The Washington Redskins have been losing the public opinion battle regarding their name, and the latest event is likely to hurt their financials, as well.
On Wednesday morning, the United States Patent and Trademark Office ruled that it has canceled the team's trademark registrations that use the name Washington Redskins, stating that it is "disparaging to Native Americans."
The NFL team and its owner, Dan Snyder have been resisting efforts by many groups, including prominent Senators and Congressional leaders, to get the team to change its name, which includes what many say is a derogatory slur. Snyder says that argument is purely misunderstood political correctness.
In it's ruling, the board of the USPTO stated:
The recognition that this racial designation based on skin color is disparaging to Native Americans is also demonstrated by the near complete drop-off in usage of "redskins" as a reference to Native Americans beginning in the 1960's.
The record establishes that, at a minimum, approximately thirty percent of Native Americans found the term REDSKINS used in connection with respondent's services to be disparaging at all times including 1967, 1972, 1974, 1978 and 1990. Section 2(a) prohibits registration of matter that disparages a substantial composite, which need not be a majority, of the referenced group. Thirty percent is without doubt a substantial composite. To determine otherwise means it is acceptable to subject to disparagement 1 out of every 3 individuals, or as in this case approximately 626,095 out of 1,878,285 in 1990. There is nothing in the Trademark Act, which expressly prohibits registration of disparaging terms, or in its legislative history, to permit that level of disparagement of a group and, therefore, we find this showing of thirty percent to be more than substantial.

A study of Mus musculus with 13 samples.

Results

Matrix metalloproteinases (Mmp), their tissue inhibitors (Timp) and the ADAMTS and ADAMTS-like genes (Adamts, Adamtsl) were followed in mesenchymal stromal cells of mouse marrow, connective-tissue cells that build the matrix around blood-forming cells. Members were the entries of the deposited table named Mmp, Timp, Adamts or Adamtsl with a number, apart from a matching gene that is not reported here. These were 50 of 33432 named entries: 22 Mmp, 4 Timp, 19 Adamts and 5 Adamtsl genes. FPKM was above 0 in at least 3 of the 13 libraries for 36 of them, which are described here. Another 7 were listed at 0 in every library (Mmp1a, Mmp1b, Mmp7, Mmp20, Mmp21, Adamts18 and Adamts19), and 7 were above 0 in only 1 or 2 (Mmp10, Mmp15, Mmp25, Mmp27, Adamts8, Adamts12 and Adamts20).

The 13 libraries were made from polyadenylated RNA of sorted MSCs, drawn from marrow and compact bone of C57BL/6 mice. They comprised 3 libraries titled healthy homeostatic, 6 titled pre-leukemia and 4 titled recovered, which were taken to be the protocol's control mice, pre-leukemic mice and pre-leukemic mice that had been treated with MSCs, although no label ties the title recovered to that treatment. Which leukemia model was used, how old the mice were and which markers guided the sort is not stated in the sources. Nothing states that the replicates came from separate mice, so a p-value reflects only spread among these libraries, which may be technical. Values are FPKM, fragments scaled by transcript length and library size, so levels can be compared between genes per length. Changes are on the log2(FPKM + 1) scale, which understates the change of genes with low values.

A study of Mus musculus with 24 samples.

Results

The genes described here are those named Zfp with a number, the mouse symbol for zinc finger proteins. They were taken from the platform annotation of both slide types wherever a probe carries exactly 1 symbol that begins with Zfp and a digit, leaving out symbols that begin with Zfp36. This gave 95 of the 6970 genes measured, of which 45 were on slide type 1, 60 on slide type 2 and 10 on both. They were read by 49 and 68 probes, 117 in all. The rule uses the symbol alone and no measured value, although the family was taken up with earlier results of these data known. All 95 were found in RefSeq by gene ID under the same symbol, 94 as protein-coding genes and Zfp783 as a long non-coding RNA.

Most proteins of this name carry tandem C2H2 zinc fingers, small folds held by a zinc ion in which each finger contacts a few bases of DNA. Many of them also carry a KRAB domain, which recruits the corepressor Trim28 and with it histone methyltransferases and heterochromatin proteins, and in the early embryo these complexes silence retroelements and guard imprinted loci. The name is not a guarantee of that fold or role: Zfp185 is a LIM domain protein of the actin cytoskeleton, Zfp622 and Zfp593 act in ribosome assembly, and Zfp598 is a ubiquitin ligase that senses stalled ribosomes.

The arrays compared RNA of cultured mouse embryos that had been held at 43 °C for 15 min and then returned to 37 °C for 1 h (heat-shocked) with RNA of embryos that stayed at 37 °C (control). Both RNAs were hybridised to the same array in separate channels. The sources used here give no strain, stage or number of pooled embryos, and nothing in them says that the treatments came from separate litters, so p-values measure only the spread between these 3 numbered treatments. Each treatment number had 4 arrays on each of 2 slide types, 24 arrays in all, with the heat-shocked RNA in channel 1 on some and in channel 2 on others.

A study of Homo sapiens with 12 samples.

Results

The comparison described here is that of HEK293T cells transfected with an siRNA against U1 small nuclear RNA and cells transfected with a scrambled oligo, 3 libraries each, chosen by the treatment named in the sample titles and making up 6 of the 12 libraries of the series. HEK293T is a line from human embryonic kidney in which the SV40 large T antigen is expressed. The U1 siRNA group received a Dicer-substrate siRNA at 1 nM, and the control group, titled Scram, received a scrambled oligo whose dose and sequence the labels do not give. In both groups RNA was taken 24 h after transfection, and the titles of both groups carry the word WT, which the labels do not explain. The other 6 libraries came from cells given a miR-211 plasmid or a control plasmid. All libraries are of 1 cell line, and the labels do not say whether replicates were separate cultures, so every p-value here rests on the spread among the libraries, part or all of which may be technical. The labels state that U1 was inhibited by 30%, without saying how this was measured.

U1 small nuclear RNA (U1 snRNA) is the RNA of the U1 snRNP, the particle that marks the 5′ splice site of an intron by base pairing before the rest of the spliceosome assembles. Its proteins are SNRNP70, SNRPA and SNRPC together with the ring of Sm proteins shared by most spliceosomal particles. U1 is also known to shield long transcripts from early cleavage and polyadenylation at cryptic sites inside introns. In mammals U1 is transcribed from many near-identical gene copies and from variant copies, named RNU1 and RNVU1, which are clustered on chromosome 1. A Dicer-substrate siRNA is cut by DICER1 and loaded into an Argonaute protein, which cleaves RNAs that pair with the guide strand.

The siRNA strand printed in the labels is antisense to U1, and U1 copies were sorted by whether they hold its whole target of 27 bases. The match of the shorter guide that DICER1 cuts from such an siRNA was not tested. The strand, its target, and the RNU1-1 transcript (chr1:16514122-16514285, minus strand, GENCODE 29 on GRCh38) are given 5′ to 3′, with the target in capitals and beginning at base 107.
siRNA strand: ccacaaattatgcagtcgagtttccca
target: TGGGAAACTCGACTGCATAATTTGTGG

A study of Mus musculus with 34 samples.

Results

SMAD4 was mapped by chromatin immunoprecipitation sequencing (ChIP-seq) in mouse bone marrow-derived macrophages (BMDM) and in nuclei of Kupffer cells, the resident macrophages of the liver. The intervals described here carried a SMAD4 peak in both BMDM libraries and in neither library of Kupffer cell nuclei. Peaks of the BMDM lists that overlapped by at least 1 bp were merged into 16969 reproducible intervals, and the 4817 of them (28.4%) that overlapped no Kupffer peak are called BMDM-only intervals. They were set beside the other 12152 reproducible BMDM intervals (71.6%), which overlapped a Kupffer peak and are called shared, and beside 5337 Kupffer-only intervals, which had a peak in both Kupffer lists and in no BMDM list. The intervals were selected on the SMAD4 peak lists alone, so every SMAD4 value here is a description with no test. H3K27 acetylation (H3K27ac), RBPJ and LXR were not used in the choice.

Respondent has introduced evidence that some in the Native American community do not find the term "Redskin" disparaging when it is used in connection with professional football. While this may reveal differing opinions within the community, it does not negate the opinions of those who find it disparaging.
The case was Blackhorse v. Pro-Football Inc., filed by Amanda Blackhorse. The full ruling can be read here. (PDF)
“I am extremely happy that the [Board] ruled in our favor,” Blackhorse said in a statement. “It is a great victory for Native Americans and for all Americans. We filed our petition eight years ago and it has been a tough battle ever since. I hope this ruling brings us a step closer to that inevitable day when the name of the Washington football team will be changed. The team’s name is racist and derogatory. I’ve said it before and I will say it again – if people wouldn’t dare call a Native American a ‘redskin’ because they know it is offensive, how can an NFL football team have this name?”
While the USPTO's actions are rare, they are not unprecedented. In fact, the agency canceled the team's trademarks in 1999, but the action was later overturned by a federal court.